The shale slowdown, that Energy Report Readers knew was coming, is becoming more mainstream thinking. The Wall Street Journal reports that “U.S. Shale Juggernaut Shows Signs of Fatigue Forecasts that abundant American oil can permanently meet global needs may be ‘myth,’ company leaders warn.
The Journal writes the pace of innovation that allowed shale drillers to maintain production even as prices fell appears to be slowing, experts say. The cost of labor and services, meanwhile, is rising in the most popular oil fields, driving up drilling expenses. And companies are facing a backlash from investors, who have grown weary of drillers focusing on growth over profit and insist they live within their means.
“There’s always a lot of exuberance,” said Robert Clarke, an analyst with energy consulting firm Wood Mackenzie. “But then something happens that kind of puts the brakes on.”
Future oil production is notoriously difficult to predict, and a surge in prices could certainly improve the economics of American shale. But a growing chorus of oil industry leaders, including some shale trailblazers, believes U.S. growth may peak sooner than government forecasters think—a development with ramifications for global oil markets. In recent years, shale production has reliably filled any voids in world supply, effectively taming volatile price gyrations. Potential limits to shale growth call into question predictions that this trend will continue.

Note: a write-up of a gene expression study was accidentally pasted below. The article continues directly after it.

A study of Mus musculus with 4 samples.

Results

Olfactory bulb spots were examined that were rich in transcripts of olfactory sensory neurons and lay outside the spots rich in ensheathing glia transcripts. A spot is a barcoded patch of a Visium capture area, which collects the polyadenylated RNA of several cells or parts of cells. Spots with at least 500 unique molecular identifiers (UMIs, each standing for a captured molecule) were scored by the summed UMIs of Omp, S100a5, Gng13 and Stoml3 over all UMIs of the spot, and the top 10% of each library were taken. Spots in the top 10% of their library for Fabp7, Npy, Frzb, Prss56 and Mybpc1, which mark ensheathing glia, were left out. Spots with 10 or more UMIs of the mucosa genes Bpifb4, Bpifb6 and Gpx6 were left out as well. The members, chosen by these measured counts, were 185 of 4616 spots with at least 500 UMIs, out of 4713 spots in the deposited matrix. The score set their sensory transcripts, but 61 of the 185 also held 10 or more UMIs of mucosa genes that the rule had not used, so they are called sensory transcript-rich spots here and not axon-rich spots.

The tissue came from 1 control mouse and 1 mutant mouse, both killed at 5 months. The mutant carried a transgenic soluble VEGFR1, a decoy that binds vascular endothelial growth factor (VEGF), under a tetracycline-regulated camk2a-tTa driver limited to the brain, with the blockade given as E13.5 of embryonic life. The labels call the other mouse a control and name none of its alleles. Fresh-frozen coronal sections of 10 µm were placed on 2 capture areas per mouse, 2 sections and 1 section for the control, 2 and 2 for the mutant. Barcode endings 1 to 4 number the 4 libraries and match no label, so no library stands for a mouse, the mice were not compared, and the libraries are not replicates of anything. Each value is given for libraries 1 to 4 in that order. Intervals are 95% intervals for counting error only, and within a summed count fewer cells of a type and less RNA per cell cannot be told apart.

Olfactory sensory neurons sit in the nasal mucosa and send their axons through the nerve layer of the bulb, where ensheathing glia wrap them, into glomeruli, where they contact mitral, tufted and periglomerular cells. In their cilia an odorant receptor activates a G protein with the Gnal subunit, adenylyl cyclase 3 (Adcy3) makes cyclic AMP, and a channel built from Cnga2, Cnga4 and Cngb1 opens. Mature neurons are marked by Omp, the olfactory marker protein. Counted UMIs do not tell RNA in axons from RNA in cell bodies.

“There are no new shale plays that have come forward,” said Mark Papa, chief executive of Centennial Resource Development Inc. and former CEO of EOG Resources Inc. “Their ability to spew forth infinite streams of oil is really just a myth.” A Must Read
Reuters reports that the Saudis are afraid of no shale. U.S. shale oil coming to the market is not a concern, Saudi Energy Minister Khalid al-Falih said on Thursday, adding that demand will absorb it. “Shale coming in and happening again in 2018 doesn’t bother me at all. The market can absorb it,” he said, speaking at an energy forum in Moscow. Falih said oil demand was healthy around the world, and there was a steady reduction in global oil inventories. The rebalancing of oil inventories is well under way, he said. The recovery in oil markets has helped other commodities, he added. Falih also said that Saudi Arabia was looking at investments in India.
This is a great time to be looking at long-term bullish oil. Last quarter for oil the beast in years. This quarter could do even better.